Some changes for the National Guard have been subtle over the years, for instance, the uniform. Other changes have been more obvious. More women are in the guard than ever before. We had the chance to catch up with some retired guardsmen and one guards women-active duty.
The first Tuesday of every month, the retired National Guard "old timers" as they call themselves, get together at the armory. Some of these men joined the guard as far back as the 1940's and love to talk about it from back in the day.
People join the National Guard for different personal reasons, with different expectations, and different stories to be told when it's all said and done. SPC Tara Kaszas has been a member of the National Guard for five years.
Tinsley retired from the guard in '97 after 19 years.
"When I joined, I never thought I would reach the rank I did. I thought my training would keep me in Florida, but I went to Europe nine times. I never dreamed I would do that," says Jim Tinsley.
Tinsley and SPC Kaszas have things in common, but are also worlds apart.
"I came in December '78. The Wall was still up, the bad guys were the Russians. Our emphasis was on what chances we would have for conflict with the Russians. But I was in peace time, not ducking bullets like they are now. I think most people may have joined the Guard thinking they would be called up for natural disasters, but now we know war is a real threat and that we may have to go overseas."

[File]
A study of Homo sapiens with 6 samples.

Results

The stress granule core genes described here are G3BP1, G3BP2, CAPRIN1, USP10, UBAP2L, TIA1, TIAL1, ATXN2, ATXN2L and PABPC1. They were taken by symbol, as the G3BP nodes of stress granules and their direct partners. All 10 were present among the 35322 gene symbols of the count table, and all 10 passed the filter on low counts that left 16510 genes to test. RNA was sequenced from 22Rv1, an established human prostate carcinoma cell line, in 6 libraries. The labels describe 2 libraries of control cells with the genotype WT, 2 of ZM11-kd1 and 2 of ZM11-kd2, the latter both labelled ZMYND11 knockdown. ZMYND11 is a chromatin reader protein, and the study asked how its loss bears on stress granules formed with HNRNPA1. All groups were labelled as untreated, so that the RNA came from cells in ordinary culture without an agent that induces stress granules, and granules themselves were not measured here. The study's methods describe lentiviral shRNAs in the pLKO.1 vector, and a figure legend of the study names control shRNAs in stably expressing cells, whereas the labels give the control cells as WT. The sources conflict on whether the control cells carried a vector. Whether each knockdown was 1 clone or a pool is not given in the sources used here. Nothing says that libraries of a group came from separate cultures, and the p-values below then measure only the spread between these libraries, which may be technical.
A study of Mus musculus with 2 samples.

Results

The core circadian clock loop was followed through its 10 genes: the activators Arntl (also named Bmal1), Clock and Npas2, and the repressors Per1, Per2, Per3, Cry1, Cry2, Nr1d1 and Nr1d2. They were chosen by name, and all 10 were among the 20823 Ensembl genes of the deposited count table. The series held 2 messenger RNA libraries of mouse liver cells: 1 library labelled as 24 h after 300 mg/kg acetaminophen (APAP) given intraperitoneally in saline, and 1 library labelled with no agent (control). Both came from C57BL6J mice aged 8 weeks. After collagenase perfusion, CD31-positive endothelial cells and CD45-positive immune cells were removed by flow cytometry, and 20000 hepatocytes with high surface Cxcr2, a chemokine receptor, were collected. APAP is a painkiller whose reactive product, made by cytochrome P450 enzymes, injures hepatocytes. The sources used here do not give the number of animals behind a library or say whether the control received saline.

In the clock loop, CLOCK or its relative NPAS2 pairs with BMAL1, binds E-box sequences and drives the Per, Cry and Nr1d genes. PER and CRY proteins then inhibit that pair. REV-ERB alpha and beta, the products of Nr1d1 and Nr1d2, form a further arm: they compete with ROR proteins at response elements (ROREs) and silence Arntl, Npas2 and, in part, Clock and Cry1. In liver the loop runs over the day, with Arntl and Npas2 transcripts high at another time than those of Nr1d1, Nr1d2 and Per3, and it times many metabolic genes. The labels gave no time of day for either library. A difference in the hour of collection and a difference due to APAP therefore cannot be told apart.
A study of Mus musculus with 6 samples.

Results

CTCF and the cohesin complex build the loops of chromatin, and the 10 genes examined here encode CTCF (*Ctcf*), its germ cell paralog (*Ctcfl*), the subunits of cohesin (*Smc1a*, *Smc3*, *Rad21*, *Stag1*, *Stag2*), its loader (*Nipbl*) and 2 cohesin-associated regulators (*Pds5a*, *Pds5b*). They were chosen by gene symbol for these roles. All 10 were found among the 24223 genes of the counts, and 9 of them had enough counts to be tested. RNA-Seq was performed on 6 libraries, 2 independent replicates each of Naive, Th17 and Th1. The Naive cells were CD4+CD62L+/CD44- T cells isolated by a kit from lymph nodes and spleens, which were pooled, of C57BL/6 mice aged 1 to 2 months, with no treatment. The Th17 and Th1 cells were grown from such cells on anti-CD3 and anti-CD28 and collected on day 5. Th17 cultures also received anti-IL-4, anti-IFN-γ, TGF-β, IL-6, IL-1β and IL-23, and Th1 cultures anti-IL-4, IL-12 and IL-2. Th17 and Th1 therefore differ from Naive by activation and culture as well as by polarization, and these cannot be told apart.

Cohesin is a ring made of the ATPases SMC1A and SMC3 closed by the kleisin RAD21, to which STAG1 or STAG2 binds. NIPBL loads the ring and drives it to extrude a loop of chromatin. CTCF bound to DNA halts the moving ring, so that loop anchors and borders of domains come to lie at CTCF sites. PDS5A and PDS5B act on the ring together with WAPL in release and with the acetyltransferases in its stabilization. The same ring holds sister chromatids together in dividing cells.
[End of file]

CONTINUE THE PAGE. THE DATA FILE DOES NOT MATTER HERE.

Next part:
The "old timers" say they will continue to support the men and women fighting the war against terrorism, and can't wait for them to come home, and join them at their Tuesday lunches.
Viewers with disabilities can get assistance accessing this station's FCC Public Inspection File by contacting the station with the information listed below. Questions or concerns relating to the accessibility of the FCC's online public file system should be directed to the FCC at 888-225-5322, 888-835-5322 (TTY), or firstname.lastname@example.org.